RasputinPrime : 11/7/2019 1:11 pm
For most of us, starting someplace right out of school and riding it through to retirement just isn't in the cards. Opportunities come up and raise the question - do you jump ship?

I'm currently weighing such an opportunity and i'm curious how my BBI brethren who have gone through this have handled it.

Success and horror stories welcome.
i'm currently  
Gordo : 11/7/2019 1:27 pm : link
at a job that's pretty cushy, great benefits, good pay. Small office and culture is very chill. However I don't know what the future holds. I'm 36 and I am the IT dept. I don't know how much further of a ladder I can climb. So i've been poking around at linkedin and indeed to see if anything comes up. I'm not actively looking and I haven't updated my resume on purpose. But if somebody came along and told me about an opportunity that sounded good, I might jump.

What matters most to you? Stress or Money?
Iím in the same boat  
Kevin(formerly Tiki4Six) : 11/7/2019 1:31 pm : link
Worked for a company a longtime then we picked up and moved south.

Now Iíve been with same company for 7 years but Iím plateaued ....,Iíd hate to give up 30 vacation days , And I know they say the grass isnít always greener on the other side but Iím at the point where Iím worth more ...

Scary when you get in your upper 40ís.
Nothing is guaranteed  
pjcas18 : 11/7/2019 1:39 pm : link
in life, so for me I weigh the opportunity - the risks, the potential, the strengths, weaknesses vs where my family and I are at various stages of our lives.

To give you an example, I have been at a brick and mortar like tech company for 10 years, and I had a chance to accept a leadership role at a hot startup/early stage tech company.

Less pay with the startup, worse benefits and "perks" and probably longer hours and more travel, but the equity potential could be life changing. But...nothing is guaranteed, so with two kids newly driving and on the verge of college and a third not far behind risk of this nature was not something I felt like we could tolerate.

5 years ago, no-brainer or even 8 years from now, also probably a no-brainer, but for now based on where my family is and my priorities I am very risk averse.

Anyway, just an example and opportunities like that come up periodically and have throughout my career and that's how I approach them.
If you have 30 vac days  
giants#1 : 11/7/2019 1:39 pm : link
then you likely aren't using your yearly allotment anyways. So take a 2-3 week vacation (or staycation), relax and think about your future. If you decide to leave, you're only leaving 15-20 days behind and if you stay, hopefully you're refreshed.

exactly the same boat....the question now is  
GMAN4LIFE : 11/7/2019 1:46 pm : link
quality of life or money?


whats more important... such a tough question
RE: If you have 30 vac days  
Kevin(formerly Tiki4Six) : 11/7/2019 2:08 pm : link
In comment 14668387 giants#1 said:
Quote:
then you likely aren't using your yearly allotment anyways. So take a 2-3 week vacation (or staycation), relax and think about your future. If you decide to leave, you're only leaving 15-20 days behind and if you stay, hopefully you're refreshed.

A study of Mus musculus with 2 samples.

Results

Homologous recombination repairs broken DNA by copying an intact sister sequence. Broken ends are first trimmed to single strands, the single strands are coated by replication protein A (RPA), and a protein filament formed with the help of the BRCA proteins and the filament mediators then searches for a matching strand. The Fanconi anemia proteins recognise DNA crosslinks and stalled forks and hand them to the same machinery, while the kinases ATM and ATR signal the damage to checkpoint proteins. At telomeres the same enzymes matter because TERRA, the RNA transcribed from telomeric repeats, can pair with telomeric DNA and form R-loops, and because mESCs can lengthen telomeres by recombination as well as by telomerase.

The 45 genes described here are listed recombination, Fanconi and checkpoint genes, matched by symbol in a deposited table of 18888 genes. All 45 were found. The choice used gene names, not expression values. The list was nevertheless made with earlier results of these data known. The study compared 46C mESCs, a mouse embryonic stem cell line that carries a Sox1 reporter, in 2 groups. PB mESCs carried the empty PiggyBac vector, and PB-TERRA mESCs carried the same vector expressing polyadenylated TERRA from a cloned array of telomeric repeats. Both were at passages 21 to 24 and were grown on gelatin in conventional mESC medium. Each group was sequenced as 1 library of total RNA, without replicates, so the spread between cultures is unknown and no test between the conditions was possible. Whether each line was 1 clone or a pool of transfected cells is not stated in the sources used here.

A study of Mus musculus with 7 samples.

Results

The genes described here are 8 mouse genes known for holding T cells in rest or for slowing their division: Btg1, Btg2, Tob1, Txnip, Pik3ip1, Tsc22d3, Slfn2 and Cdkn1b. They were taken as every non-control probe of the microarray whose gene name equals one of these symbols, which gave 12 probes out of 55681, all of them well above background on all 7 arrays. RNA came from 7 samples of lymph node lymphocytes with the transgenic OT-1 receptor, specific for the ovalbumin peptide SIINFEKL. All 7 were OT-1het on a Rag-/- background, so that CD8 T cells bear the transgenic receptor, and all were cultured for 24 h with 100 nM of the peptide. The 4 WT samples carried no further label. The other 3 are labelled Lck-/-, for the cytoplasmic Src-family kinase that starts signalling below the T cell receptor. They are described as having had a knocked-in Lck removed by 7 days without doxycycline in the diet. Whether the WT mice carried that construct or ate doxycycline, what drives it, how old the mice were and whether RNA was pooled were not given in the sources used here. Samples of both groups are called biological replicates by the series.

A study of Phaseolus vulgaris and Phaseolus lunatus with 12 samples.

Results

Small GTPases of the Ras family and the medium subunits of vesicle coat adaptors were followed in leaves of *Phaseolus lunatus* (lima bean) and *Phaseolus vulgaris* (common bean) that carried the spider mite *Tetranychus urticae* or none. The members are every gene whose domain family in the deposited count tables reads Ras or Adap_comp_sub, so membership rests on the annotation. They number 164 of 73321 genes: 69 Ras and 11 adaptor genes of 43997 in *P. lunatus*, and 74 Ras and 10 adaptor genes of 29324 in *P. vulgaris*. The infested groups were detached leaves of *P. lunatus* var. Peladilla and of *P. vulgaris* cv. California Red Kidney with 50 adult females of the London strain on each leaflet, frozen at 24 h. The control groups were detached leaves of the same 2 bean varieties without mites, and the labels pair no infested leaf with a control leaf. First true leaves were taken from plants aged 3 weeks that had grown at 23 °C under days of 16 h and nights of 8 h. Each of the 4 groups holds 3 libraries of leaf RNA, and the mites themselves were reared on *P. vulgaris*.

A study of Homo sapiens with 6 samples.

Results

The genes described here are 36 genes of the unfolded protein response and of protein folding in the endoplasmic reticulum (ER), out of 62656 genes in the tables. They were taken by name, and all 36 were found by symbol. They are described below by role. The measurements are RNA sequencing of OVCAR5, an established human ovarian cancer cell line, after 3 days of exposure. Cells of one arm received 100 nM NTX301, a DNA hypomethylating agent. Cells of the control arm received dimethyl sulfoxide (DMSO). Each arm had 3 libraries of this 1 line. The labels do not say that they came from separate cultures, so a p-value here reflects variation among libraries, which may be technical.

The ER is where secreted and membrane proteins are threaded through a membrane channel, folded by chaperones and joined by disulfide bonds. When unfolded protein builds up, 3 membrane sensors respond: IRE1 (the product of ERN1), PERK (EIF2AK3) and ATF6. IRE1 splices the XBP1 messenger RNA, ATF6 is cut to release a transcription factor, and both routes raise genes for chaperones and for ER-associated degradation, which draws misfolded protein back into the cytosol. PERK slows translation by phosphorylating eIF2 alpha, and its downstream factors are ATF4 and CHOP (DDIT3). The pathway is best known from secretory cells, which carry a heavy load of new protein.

TRUST ME, I use them... We like to hit the Florida Gulf up every chance we can. I use them all because I cannot carry them over. In the summer when the kids are out of school I take every Friday off. Plus another 3 weeks based around Holidays.





I left an IT job 17 months ago  
djm : 11/7/2019 3:45 pm : link
That was extremely chill. Decent pay. Worked from home every day. Tons of time off. I wasnít really going anywhere but I was so comfy. I was also a little leery that one day the big company I worked for would inevitably lay me and others off because that big company bought the smaller company I worked for. For five years nothing ever went down and it seemed like I was safe but nonetheless I got a job offer for much more money and much more stress and a brutal commute. I took it anyway.

Just found out more and more of my dept were sacked at my former job. Plus I was able to buy a house with this new salary. Iíd be lying if I said i didnít second guess the decision to leave old job every single day, but Iíd do it again if I had the choice.

Itís not an easy choice but I would err on the side of jumping ship if your gut tells you to.
I said screw making other people money,  
HoustonGiant : 11/7/2019 10:30 pm : link
moved to business-friendly Texas, and started my own business. Best move I ever made.
it's an intensely personal decision  
RasputinPrime : 11/8/2019 12:02 am : link
and I doubt anyone can know if it is the "right" decision until they have taken the blunge or held off doing so.

Having built my own company and run it successfully for over a decade i'm faced with trading control and good money for less control and potentially great money. With my little one only 19 months old i'm leaning towards taking the risk following a lengthy due diligence process on the company.
RE: it's an intensely personal decision  
BH28 : 11/8/2019 12:25 am : link
In comment 14668858 RasputinPrime said:
Quote:
and I doubt anyone can know if it is the "right" decision until they have taken the blunge or held off doing so.

Having built my own company and run it successfully for over a decade i'm faced with trading control and good money for less control and potentially great money. With my little one only 19 months old i'm leaning towards taking the risk following a lengthy due diligence process on the company.


'The Founder's Dilemma'. Good book. Have you read it? Talks about exactly this. If not, maybe that will help your decision.